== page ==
The push for a designated seat in the SGA for international students signals the first of many changes to assist this underrepresented group.
According to Darlene Schmurr-Stewart, dean of international student services, the university serves approximately 760 international students on Troy’s campus, constituting over 10 percent of the student body.
There are 44 senators in the SGA, according to Ryan Cole, a junior political science major from Athens and SGA clerk.
“There should be about three international students in the SGA,” Schmurr-Stewart said. “That representation makes sense to me.”
Although the need for an international voice in the SGA may seem apparent in a representative system, efforts to address this need have been long overdue.
“For a long time we have known that we needed representation for international students in the SGA,” said Cesar Jauregui, a senior broadcast journalism major from Pell City and president of the International Student Cultural Organization.
“Many people have the assumption that Pace Hall is a seat for international students, but it is a resident seat that both international students and domestic students can run for.
“I think it’s shocking that Troy is known as the international university of Alabama but there isn’t a voice in what is supposed to represent the student body,” Jauregui said.
Jauregui said having at least one international student in the SGA would ensure that they would have someone to speak for them any time a bill is pushed to the floor.
According to Jonathan Lockwood, an international relations graduate student from Redding, California, and the SGA senator who sponsors the bill for an international seat, the bill has been met with some opposition from the Senate.
“The previous contention would have been that the international students have the ability to run for any seats in the colleges, residence halls or at-large seats,” Lockwood said.
However, international students are in a disadvantaged position when it comes to campaigning.
“The international students don’t have the knowledge or knowhow to be able to have a fair campaign against the American candidates,” Lockwood said.
Many international students are in exchange programs and are only at Troy for one semester or one year.
International freshmen do not attend the same orientation as American students. Therefore, they don’t have as many opportunities to broaden their network.
Moreover, incoming international students often arrive at Troy later in the semester than American students. After taking care of their paperwork and class registration, many may not have enough time to send in the application for an SGA position or to build up supporters on campus, Jauregui said.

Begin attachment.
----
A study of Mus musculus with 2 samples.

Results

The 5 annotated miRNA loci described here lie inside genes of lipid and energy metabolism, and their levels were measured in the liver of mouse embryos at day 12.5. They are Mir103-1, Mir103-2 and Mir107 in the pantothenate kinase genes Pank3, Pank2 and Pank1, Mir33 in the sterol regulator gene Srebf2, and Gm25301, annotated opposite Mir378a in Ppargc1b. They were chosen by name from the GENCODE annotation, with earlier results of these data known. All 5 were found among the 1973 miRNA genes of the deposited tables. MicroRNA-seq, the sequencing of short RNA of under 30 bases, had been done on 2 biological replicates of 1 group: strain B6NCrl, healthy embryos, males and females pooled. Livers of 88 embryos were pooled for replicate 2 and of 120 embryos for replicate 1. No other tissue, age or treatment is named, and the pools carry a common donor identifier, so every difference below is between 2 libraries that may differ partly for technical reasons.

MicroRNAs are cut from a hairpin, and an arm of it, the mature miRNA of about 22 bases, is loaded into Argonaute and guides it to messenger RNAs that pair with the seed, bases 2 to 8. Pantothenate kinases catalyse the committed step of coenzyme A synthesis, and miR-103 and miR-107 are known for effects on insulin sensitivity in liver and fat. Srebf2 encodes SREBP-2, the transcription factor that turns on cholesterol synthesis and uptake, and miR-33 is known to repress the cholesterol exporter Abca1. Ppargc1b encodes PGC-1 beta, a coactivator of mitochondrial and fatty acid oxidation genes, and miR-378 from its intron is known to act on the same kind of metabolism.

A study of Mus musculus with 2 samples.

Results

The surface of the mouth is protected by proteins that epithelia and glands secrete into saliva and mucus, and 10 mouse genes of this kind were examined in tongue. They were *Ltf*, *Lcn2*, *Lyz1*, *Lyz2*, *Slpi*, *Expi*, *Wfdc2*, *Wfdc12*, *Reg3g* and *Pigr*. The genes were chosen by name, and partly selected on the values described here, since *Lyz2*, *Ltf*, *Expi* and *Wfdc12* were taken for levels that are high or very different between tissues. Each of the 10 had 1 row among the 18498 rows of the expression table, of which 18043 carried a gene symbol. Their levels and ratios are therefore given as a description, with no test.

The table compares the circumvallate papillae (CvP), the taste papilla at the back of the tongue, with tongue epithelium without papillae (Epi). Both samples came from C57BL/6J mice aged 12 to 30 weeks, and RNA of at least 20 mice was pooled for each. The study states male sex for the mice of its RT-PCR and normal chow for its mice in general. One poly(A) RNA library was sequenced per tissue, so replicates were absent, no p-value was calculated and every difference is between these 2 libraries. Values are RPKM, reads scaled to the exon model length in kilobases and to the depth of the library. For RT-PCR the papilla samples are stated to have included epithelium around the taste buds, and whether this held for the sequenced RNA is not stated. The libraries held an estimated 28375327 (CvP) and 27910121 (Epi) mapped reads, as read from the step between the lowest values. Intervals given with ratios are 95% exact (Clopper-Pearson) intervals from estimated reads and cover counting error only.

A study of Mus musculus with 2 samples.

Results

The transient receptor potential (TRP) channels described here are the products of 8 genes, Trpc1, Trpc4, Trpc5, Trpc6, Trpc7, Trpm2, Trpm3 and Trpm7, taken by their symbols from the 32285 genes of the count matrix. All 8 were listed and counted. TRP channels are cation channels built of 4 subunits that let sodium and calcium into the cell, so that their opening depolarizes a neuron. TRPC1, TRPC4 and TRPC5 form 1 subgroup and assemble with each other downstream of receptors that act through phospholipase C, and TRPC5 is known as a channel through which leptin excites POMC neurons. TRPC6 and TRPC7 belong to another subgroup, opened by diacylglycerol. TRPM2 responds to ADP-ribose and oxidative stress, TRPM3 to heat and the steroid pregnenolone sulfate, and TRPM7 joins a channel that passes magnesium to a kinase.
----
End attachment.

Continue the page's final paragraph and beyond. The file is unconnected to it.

Lockwood said the designated seat for international students serves many purposes.
“Not only can they run and win,” Lockwood said, “but they can also begin interacting more and understanding American democracy better … not so much to spread the ideals of democracy but to understand it for what it is and its benefits and the benefits of bringing cultures of all types together.”
According to Lockwood, the bill was under revision “to make it more academic in nature and thus minimize or eradicate any potential contention.”
The revised bill would clarify that the seat is for the international office, an academic component of the university. International students will run for the position the same way other students do for their respective colleges.
Jauregui said the designated seat would be the first step towards a cultural movement within the international students.
“It is clear to us having one seat in the SGA is not an end-all, be-all thing,” he said. “Some students are not used to the voting system or representation like we have.”
Jauregui said the seat would help some international students value voter participation and create momentum for their involvement.
“Eventually, there would be more competition for the one designated seat,” he said. “And students will be more prepared to run for the at-large seats.”
According to Jauregui, ISCO, in collaboration with Lockwood, decided to propose the seat in the format of a bill, using SGA preliminary procedures to avoid coming across as imposing and to show that they are truly part of the student body.
Next week during the SGA meeting, senators will vote on the revised bill. Schmurr-Stewart said that even if the bill is passed, international influence will not come easily or quickly.
“Whoever gets elected should be engaged in the concerns of international students and be the pathway (of addressing) those concerns,” she said. “The representative student should understand their mission and the need to reach out to American students.”
Schmurr-Stewart also said it was necessary for SGA to refocus its agendas.
As an international student who has served on the SGA, I feel issues on the SGA floor should be tailored to be more relevant to this group of the student body.
The support from a large group of people across campus for an international student seat is a moral encouragement for potential candidates.